Rep. Alexandria Ocasio-Cortez(D-NY) listens as Facebook Chairman and CEO Mark Zuckerberg testifies before the House Financial Services Committee on "An Examination of Facebook and Its Impact on the Financial Services and Housing Sectors" in the Rayburn House Office Building in Washington, DC on October 23, 2019.

Democratic socialist Rep. Alexandria Ocasio-Cortez (D-NY) claimed on Tuesday night that people who are avoiding going to Chinese and Asian restaurants right now are racist because they are fearful of contracting the coronavirus.

“Honestly, it sounds almost so silly to say, but there’s a lot of restaurants that are feeling the pain of racism,” Ocasio-Cortez said during an Instagram Live video. “Where people are literally not patroning Chinese restaurants, uh, they’re not patroning Asian restaurants because of just straight up racism around the coronavirus.”


Far-left journalists and Democrat politicians have claimed that calling the coronavirus by a name that denotes its place of origin, China, is racist.

But, as the American Council on Science and Health reported on Monday, “historically, microbiologists named new diseases after locations, animals or people”:

Historically, microbiologists named new diseases after locations, animals or people. To this day, flu strains are named after the city in which they were first isolated.

There’s another problem with accusing the name “Wuhan virus” of being racist. All influenza strains are named after the location in which they were first isolated.

This isn’t done because of racism. It’s done because it helps epidemiologists track the viruses. Once again, things could get awfully confusing if influenza strains were named “Flu #3296” and “Flu #9114.”

As usual, America’s pathological obsession with racism misfires again.

Numerous diseases are named after their place of origin, including places within the United States.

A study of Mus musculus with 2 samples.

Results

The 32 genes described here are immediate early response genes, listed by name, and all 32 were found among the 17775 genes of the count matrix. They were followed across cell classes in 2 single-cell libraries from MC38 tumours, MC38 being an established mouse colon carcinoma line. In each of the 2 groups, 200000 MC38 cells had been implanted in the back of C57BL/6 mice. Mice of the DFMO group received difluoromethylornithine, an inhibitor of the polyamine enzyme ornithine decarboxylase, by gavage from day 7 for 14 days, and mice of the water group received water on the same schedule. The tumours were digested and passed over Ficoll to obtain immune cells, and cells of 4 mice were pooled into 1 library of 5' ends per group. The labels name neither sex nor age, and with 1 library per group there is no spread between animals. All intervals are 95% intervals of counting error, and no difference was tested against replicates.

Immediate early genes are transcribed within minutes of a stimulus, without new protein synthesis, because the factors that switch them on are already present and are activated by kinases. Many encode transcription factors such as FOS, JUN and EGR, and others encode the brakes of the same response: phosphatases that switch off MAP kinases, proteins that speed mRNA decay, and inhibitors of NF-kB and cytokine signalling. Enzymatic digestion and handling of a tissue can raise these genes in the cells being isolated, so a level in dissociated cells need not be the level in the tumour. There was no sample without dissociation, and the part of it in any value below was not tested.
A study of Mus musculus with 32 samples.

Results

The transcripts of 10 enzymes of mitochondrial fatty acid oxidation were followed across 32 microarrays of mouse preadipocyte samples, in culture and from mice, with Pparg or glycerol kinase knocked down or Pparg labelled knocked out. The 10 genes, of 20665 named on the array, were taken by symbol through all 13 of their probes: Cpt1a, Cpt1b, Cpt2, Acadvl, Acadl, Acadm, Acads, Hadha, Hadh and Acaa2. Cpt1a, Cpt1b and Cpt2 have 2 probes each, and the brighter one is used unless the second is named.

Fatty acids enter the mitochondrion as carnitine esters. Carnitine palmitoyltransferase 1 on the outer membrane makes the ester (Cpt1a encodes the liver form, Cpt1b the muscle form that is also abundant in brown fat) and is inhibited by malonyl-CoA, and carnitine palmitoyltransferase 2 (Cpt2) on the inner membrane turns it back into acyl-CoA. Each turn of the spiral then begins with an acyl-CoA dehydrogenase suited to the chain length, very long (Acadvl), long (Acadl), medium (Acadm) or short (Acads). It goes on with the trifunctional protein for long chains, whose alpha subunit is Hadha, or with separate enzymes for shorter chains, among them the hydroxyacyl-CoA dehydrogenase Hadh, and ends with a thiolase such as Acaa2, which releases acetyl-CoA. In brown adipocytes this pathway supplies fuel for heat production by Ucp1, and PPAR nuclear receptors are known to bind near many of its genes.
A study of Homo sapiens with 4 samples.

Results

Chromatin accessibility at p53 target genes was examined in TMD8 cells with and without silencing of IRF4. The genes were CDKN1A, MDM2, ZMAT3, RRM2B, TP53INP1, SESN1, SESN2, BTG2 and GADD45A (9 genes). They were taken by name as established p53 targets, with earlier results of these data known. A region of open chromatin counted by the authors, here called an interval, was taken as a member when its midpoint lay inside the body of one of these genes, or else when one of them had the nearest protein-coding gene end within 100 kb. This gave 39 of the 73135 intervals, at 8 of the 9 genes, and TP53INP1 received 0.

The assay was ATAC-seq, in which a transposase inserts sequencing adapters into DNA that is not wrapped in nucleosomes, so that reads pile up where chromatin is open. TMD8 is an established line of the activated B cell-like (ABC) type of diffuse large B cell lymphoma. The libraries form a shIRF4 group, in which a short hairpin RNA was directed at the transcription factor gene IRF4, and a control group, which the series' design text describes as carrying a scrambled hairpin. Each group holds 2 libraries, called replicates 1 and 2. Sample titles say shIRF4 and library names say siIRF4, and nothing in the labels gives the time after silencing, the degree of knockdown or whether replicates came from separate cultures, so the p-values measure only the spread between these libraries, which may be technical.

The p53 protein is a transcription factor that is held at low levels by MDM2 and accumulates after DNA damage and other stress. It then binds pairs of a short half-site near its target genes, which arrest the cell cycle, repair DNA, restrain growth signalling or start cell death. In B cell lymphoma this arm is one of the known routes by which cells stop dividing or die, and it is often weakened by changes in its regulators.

“In 1968, 150 students at Bronson Elementary School in Norwalk, Ohio, became very sick with vomiting and diarrhea. It took researchers four years and many stool samples to determine that the culprit was what at the time was called, alternately, ‘winter sickness,’ ‘winter vomiting bug,’ or stomach flu,” Stat reported. “Once investigators isolated and identified the virus that caused the outbreak of Norwalk, the city’s name became the virus’s name. As similar viruses sickened others in subsequent years, doctors began using the norovirus as an umbrella term for the Norwalk virus and its cousins.”

Other examples include:

  • Guinea Worm; named after the Guinea coast of West Africa.
  • West Nile Virus; named after the river in Africa.
  • Ross River Fever; named after a river in Australia.
  • MERS; stands for Middle East respiratory syndrome.
  • Ebola; named for a river in Africa.
  • Omsk Hemorrhagic Fever; named after Omsk, Russia.
  • Rocky Mountain Spotted Fever, named after a mountain range in the U.S.
  • Lyme Disease; named after a town in Connecticut.

Some political commentators have noted that one of the reasons that the political Left does not want the coronavirus to be called something that identifies that it came from China is that it limits their ability to politicize anything bad that happens in the U.S. and use it as a weapon to attack President Donald Trump.

The World Health Organization (WHO) has sought in recent years to not name diseases after places and to use “neutral terms.” Science Magazine reported that the WHO’s new methodology is not necessarily a good thing:

Many scientists agree that disease names can be problematic, but they aren’t sure the new rulebook is necessarily an improvement. “It will certainly lead to boring names and a lot of confusion,” predicts Linfa Wang, an expert on emerging infectious diseases at the Australian Animal Health Laboratory in Geelong. “You should not take political correctness so far that in the end no one is able to distinguish these diseases,” says Christian Drosten, a virologist at the University of Bonn, Germany.

Furthermore, those who propagate the false claim that identifying that the coronavirus by its geographic origin is racist are helping promote propaganda from communist China. Investigative reporter Jordan Schachtel reported:

On Feb. 24, the state-controlled China Daily proclaimed that identifying the latest coronavirus as the Wuhan virus or other terms referring to its Chinese origin is “racist, discriminatory, and distasteful.”

On Feb. 16, the state-controlled Global Times published a piece declaring that critiques of China’s negligence concerning the Wuhan virus, such as the labeling of China as a “disease incubator,” is a clear sign of “xenophobia” and “racism” against China.

In early February, Communist Party authorities expressed outrage at a Der Spiegel article that described the coronavirus as “Made in China.” Beijing called the news report “racist” and a clear example of “discrimination and xenophobia.”